In recent years, however, Congress members have started using it as a political tool, to pester or embarrass officials they don’t like. In doing so, they have rendered the sanction largely ineffective.
They should knock it off.
A majority of members of the House of Representatives did the right thing in declining to impeach Homeland Security Secretary Alejandro Mayorkas on Tuesday. They shouldn’t try it again, although they already have said they will.
Pursuing a policy that certain lawmakers don’t like isn’t a “high crime or misdemeanor.” Neither is ineptitude.
Tuesday’s effort to impeach Mayorkas clearly had little to do with an objective determination that he had committed any crime. The vote was almost entirely along party lines, with all Democrats voting against impeachment and all but four voting for it. Those four defections were the difference, as the measure failed by a single vote.
The impeachment motion, sponsored by Donald Trump supporter Rep. Marjorie Taylor Greene of Georgia, held two counts against the DHS chief: that he failed to detain all immigrants while they await their immigration hearings, and that he allowed immigrants into the country against lawmakers’ wishes.
In reality, those actions merely continue policies that have always been in place. Most immigrants are released after they are initially processed — the current administration calls it humanitarian parole — and immigration has always been a staple of U.S. policy — and law.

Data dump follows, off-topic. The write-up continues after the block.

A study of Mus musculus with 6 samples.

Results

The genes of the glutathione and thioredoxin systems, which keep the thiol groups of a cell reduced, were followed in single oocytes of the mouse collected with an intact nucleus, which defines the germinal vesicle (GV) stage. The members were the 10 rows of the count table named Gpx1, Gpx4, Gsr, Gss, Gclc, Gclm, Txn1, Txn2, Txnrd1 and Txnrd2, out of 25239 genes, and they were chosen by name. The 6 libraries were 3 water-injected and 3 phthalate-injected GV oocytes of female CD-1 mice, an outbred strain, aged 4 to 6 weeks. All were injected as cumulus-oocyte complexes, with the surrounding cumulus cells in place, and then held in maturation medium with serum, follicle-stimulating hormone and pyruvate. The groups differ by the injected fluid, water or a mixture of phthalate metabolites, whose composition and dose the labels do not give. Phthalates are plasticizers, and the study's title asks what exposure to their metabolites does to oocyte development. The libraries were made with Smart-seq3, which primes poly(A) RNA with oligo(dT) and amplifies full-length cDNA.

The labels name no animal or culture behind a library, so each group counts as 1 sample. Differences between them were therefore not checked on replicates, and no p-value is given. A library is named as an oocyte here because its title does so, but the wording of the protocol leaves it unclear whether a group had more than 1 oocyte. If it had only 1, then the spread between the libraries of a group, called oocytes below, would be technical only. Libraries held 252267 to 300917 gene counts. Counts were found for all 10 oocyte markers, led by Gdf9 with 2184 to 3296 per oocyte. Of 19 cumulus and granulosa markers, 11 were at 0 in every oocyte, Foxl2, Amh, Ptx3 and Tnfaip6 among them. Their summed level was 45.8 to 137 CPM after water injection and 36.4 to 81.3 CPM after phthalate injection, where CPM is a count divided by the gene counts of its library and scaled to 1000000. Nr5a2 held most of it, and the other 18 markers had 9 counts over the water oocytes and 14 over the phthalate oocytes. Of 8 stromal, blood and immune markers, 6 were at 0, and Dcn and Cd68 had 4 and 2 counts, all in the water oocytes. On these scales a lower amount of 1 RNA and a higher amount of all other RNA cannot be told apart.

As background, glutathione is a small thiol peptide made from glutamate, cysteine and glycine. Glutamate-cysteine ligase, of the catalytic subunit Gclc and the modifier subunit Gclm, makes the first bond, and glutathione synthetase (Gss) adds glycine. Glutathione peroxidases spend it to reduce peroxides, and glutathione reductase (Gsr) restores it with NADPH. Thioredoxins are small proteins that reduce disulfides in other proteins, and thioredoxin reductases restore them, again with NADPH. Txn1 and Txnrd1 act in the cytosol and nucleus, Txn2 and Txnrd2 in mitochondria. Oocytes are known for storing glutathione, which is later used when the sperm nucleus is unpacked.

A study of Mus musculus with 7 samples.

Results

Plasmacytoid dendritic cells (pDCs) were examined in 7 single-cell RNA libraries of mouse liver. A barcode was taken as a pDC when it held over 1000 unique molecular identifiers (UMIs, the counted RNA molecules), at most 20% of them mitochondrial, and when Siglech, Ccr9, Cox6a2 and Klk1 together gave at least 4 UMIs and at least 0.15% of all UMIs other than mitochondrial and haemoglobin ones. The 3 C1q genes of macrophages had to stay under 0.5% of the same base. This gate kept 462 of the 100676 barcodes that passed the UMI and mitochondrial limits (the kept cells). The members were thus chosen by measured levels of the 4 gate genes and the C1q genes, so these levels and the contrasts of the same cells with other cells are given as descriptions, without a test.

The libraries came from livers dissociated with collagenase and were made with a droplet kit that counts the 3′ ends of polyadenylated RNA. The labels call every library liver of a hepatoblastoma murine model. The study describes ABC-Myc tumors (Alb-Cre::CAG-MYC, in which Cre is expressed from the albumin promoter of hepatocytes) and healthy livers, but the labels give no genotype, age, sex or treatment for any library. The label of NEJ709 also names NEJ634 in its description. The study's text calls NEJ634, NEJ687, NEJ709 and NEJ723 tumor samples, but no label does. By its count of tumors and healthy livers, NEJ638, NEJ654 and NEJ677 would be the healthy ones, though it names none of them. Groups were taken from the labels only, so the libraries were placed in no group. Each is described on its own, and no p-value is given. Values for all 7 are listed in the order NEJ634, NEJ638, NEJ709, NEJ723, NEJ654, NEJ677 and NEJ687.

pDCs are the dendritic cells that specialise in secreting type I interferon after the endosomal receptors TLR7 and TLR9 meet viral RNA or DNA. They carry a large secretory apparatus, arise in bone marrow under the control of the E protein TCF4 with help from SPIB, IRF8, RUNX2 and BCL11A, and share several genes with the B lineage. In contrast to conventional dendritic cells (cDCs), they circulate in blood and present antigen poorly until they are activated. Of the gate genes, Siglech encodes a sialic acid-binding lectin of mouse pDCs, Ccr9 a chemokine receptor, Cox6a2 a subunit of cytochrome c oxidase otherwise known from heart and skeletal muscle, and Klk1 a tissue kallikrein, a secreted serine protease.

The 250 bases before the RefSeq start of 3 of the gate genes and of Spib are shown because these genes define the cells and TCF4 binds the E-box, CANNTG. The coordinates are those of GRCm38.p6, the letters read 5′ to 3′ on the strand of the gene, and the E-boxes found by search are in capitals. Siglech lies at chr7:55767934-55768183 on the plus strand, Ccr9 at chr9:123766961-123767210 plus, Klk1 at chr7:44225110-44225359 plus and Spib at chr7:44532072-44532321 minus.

Congress has passed no laws that would make Mayorkas’ actions criminal.
But such is the current penchant for misusing the impeachment process.
It started with the 1998 impeachment of Bill Clinton for having sex with an intern an lying about it — something that hardly imperils our nation’s security or injures the public.
Current House members now are holding an impeachment inquiry against President Joe Biden — not because they have found evidence of wrongdoing but to look for a reason to charge him.
If and when Biden is impeached, or new charges are filed against Mayorkas, the resulting vote already is known; votes will be along party lines and a Democratically controlled Senate likely will acquit.
Congress members should stop this petty misuse of a vital governmental process. Instead of wasting their time — and taxpayers’ money — on this silly impeachment game, they should spend that time debating real immigration reform and giving Mayorkas a legal blueprint of the actions he and this country should pursue.
Alejandro Mayorkas is simply trying to do his job, despite roadblocks imposed by the very Congress members who say he isn’t. Those lawmakers need to do theirs, and try to enact reasonable, workable and humane immigration policy.